There have been signs of a purposeful hardening of the BJP’s policies during the current election campaign. From the announcement of the intention to scrap Articles 370 and 35A to the description of illegal immigrants as “termites” to making the sedition laws more stringent, there is a determined endeavour to refurbish the party’s harsh right-wing credentials.

The objective is clear. The BJP has convinced itself that its chances of electoral success lie in the pursuit of a hawkish line. The basis of this outlook is an uncompromising emphasis on Hindu nationalism, which was neatly articulated by UP’s hardline chief minister, Yogi Adityanath. when he divided the citizenry into Bajrang Balis or Hindus and Alis or Muslims.

It is patent enough that the BJP under the tutelage of Narendra Modi and Amit Shah has returned to its Hindu roots based on seeing only the Hindus as true citizens of the country, or the Chosen People, so to say, because India is both their pitribhu or fatherland and punyabhu or holy land of the Hindus, as V D Savarkar said, while the holy lands of the Muslims and Christians are in Mecca or Rome even if they have been born in India.

In making this assertion about the BJP’s “real” self, the Modi-Shah duo can be said to have distanced themselves from the legacy of Atal Behari Vajpayee, who had called for shelving Article 370 along with the proposals for a uniform civil code and the construction of a Ram temple for an indefinite period in 1996.

It has taken the BJP about two decades to dump the moderate Vajpayee’s accommodative initiatives and expose the party’s feral instincts. Arguably, this is all to the good, for it would have served no purpose for the BJP to pretend what it is not, as Vajpayee tried to make it do, and come out instead in its true, saffron colours.

From now on, its cards are all on the table, which should leave no one in any doubt about its unabashed pro-Hindu agenda. Among those who are likely to take note of it are allies like the Janata Dal (United), which still seem to harbour illusions about smoothening some of the BJP’s rough edges as on Article 370 or the triple talaq. However, irrespective of how the allies behave, what is worth considering is why the BJP chose to bare its fangs at a time when there are doubts as to whether it can get a majority of its own in the Lok Sabha.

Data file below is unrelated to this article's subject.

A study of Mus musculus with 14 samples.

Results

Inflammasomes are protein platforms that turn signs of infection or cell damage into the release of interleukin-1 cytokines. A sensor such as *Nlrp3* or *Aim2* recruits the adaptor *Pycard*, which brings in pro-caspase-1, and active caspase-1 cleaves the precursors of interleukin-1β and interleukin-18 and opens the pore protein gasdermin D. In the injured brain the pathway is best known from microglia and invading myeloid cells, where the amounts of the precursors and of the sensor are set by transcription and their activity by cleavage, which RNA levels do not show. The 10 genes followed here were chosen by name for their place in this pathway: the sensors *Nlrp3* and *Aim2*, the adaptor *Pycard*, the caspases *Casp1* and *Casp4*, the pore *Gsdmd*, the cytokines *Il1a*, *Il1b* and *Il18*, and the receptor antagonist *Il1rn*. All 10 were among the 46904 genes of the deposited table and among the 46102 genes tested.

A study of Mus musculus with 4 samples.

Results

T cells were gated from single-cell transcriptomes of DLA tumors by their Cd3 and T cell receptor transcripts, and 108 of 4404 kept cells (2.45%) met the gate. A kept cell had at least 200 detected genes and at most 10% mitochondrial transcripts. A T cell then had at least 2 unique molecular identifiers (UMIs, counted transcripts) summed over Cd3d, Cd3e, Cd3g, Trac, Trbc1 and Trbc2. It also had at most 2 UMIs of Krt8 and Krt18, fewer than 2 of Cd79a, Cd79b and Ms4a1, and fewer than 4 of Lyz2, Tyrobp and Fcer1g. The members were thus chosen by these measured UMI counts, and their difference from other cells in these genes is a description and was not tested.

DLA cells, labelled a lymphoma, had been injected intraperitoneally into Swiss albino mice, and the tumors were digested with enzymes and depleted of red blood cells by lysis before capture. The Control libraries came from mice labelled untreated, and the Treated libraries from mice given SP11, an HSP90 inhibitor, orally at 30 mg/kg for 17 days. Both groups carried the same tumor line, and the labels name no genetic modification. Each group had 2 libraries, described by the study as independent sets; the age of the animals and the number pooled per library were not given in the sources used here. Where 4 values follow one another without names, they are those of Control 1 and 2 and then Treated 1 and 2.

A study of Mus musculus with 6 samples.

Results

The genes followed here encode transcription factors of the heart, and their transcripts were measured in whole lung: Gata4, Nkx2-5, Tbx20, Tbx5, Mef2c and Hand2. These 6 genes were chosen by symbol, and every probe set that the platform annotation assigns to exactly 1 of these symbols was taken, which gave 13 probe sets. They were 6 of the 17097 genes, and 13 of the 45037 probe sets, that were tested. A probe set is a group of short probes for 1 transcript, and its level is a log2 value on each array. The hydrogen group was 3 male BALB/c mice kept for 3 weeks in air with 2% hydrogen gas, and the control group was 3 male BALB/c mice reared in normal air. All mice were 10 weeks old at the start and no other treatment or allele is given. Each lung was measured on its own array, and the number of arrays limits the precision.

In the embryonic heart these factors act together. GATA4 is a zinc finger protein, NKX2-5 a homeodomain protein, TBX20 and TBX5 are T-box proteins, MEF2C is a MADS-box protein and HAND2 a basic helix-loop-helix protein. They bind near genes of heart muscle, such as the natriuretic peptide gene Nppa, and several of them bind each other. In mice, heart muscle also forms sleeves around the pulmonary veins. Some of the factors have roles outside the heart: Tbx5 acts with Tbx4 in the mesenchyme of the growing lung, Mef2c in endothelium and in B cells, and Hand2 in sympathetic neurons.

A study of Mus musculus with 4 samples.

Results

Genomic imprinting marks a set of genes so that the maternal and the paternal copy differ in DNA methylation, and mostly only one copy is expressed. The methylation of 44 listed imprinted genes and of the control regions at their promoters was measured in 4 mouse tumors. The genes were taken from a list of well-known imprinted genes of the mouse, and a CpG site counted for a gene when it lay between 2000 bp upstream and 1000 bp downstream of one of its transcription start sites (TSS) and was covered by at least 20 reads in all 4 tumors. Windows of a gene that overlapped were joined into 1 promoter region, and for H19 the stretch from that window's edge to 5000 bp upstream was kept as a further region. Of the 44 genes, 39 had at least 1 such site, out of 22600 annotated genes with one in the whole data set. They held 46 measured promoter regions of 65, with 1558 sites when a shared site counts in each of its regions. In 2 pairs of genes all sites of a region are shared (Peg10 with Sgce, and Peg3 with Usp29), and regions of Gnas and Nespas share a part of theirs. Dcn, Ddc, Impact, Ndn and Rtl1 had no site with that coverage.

Surely, the party’s think tank could not have believed that a pledge to deny Kashmir’s special status and the exclusion of even Christians and Parsis from the list of immigrants under an amended citizenship law would provide a major boost to its patriotic vote bank and not frighten not only the minorities, but also the liberal-minded among the middle class and rekindle the concerns of the average people in the north-east.

Previously, only Muslims were excluded from the list, which was understandable from Savarkar’s devotees. But to restrict the citizenship rights only to the followers of the so-called Indic religions like Hinduism, Sikhism and Buddhism is a step further down a fascistic line at a time when the party’s Lok Sabha tally is expected to fall to around 200 from the present 282.

Are Modi and Shah prepared to mellow down for the sake of new allies like the Telangana Rashtra Samithi and the YSR Congress which will be expected to stand by it at a time of trouble? If so, will not such a tactic of two steps forward, one step back underline their opportunism?

It isn’t that the BJP and the RSS haven’t played such games before. Only a few weeks ago, the RSS was all sound and fury with its demand for an immediate start to the construction of the Ram temple. The apparent belief of the BJP’s Nagpur bosses was that only an ordinance decreeing the beginning of the construction work would stop the BJP’s sliding fortunes.

But ever since the air strikes seemingly ensured that the BJP was back in the reckoning, the faith of the RSS in the temple appears to have evaporated. It may well be, therefore, that a fall in the BJP’s number of seats will make the party say that it is not so hawkish after all.

The BJP has always found it difficult to fit its square peg of majoritarianism into the round hole of Indian pluralism. As a result, it has generally kept its rabid proclivities in check. However, the heady success of securing a majority of its own in 2014 because of the Congress’s dramatic collapse under a weak prime minister has evidently encouraged the BJP to shed its inhibitions. But a setback may persuade it to return to the Vajpayee line once again.

Amulya Ganguli  is a freelance journalist. Views are personal.